SPECIAL REPORT: How US NFP Can Impact The Dollar

The US GDP data failed to push the dollar index higher but the Fed meeting did the job. The question is what can the US NFP data do for the dollar index and the US equity markets. 

Today is the most important day for traders who would be looking at the U.S. Non-Farm payroll data. This particular number has the ability to dictate the market action for the rest of the month. This is why it is considered as the mother of all the data. Last week, we saw the US GDP number thrashing the forecast: the actual reading was 3.2 percent while the forecast was 2.2 percent. Ever since speculators have been fueling the markets with rumors that the Fed may no longer hold it's dovish stance towards the monetary policy.
Their argument seems even more plausible if you start to factor in the latest U.S. consumer confidence data which was much stronger than the forecast. The reading came in at 129.2 beating the forecast of 126.2. But, let's put things in perspective: the price formed a high of 98.33 on April 26th, and by April 30th it declined nearly 0.90 percent.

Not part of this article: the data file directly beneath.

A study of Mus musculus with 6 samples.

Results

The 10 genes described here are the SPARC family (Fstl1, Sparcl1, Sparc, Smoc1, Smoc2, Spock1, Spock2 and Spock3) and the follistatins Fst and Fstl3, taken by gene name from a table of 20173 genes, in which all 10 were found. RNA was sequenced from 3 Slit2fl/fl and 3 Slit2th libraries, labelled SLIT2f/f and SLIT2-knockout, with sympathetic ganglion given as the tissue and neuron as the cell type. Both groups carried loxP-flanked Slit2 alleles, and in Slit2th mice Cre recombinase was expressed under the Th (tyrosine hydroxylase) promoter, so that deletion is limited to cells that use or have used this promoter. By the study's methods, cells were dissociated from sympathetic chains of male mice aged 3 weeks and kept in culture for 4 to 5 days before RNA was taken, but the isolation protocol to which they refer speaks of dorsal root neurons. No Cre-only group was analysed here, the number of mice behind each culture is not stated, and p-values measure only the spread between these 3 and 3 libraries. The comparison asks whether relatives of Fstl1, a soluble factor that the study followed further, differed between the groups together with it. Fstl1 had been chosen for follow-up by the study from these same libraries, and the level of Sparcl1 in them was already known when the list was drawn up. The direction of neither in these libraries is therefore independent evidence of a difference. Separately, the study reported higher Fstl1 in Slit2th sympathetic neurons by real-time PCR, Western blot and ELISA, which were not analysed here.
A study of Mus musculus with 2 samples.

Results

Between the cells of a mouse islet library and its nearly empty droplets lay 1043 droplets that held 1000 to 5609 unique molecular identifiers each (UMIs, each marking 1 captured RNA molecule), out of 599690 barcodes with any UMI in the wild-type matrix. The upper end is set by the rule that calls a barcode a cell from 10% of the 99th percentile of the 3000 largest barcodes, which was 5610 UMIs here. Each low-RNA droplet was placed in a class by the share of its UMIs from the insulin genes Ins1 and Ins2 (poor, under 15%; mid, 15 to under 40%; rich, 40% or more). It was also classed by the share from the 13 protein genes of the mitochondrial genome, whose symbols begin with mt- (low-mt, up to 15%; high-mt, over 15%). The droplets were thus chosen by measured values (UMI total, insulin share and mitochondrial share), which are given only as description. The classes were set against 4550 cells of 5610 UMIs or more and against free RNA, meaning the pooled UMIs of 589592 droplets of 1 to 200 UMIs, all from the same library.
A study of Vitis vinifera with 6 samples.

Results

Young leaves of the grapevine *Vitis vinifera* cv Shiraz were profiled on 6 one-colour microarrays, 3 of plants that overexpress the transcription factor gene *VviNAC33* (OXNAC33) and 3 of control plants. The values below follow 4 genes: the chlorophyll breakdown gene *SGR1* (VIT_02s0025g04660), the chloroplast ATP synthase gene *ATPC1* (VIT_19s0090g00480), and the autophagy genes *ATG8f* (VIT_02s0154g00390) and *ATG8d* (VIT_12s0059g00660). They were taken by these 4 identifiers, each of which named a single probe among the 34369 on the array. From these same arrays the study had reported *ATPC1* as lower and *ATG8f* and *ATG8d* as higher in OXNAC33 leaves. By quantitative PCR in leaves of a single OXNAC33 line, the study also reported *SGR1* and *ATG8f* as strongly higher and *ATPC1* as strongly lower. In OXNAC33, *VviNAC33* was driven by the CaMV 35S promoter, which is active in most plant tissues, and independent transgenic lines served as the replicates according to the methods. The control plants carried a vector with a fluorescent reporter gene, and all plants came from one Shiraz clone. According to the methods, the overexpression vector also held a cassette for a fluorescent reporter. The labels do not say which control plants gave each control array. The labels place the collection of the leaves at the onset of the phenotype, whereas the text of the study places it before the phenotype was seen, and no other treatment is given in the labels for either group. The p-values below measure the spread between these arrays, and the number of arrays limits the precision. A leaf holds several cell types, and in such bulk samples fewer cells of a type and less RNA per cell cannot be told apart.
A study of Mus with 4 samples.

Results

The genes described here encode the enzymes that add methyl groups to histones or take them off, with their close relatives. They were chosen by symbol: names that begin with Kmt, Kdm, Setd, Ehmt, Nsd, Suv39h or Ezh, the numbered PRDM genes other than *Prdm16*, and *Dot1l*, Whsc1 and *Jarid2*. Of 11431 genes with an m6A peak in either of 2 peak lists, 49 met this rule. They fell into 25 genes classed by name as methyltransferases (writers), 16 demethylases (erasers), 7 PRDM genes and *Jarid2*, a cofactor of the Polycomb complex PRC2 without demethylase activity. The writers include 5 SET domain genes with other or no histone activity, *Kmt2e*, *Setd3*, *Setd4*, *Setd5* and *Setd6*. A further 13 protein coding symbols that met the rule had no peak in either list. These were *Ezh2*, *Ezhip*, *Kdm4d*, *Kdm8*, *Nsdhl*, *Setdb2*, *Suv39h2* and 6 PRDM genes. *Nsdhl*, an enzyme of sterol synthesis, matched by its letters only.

So, despite those rumors and strong data, the dollar index actually lost its value. It was the FOMC press conference on Wednesday which brought the life back for the dollar index. The Fed made a technical adjustment to Interest On Excess Reserves (IOER). The market was already expecting this from the Fed so the upward move in the dollar index wasn’t because of this adjustment.
The Fed maintained its “patient” guidance and acknowledged weakness in consumer spending and business investment, but marked this as transitory. This particular move pushed the dollar index higher. The take away from the Fed meeting was that the next move (with respect to the interest rate) could be upward or downward.    
Overall, the Fed still characterize the US growth as strong and it is in this essence that the upcoming U.S. NFP is of critical importance. The expectation is for the unemployment rate to stay steady at 3.8 percent, the average hourly earnings m/m to improve to 0.3 percent from 0.1 percent and the non-farm employment change to come in at 181K. But, before we focus more on these numbers, let's look for the clues from the existing important data released this week.   
The ISM manufacturing index usually gives us a good inside about the US nonfarm payroll number.  The reading for the month of April disappointed, it fell to the lowest level since October 2015 but remained in the expansion territory. The decline was pretty much broad-based, It includes, production, new export orders, and new orders. This suggests that factory-sector has cooled off considerably because of the inventory overhang.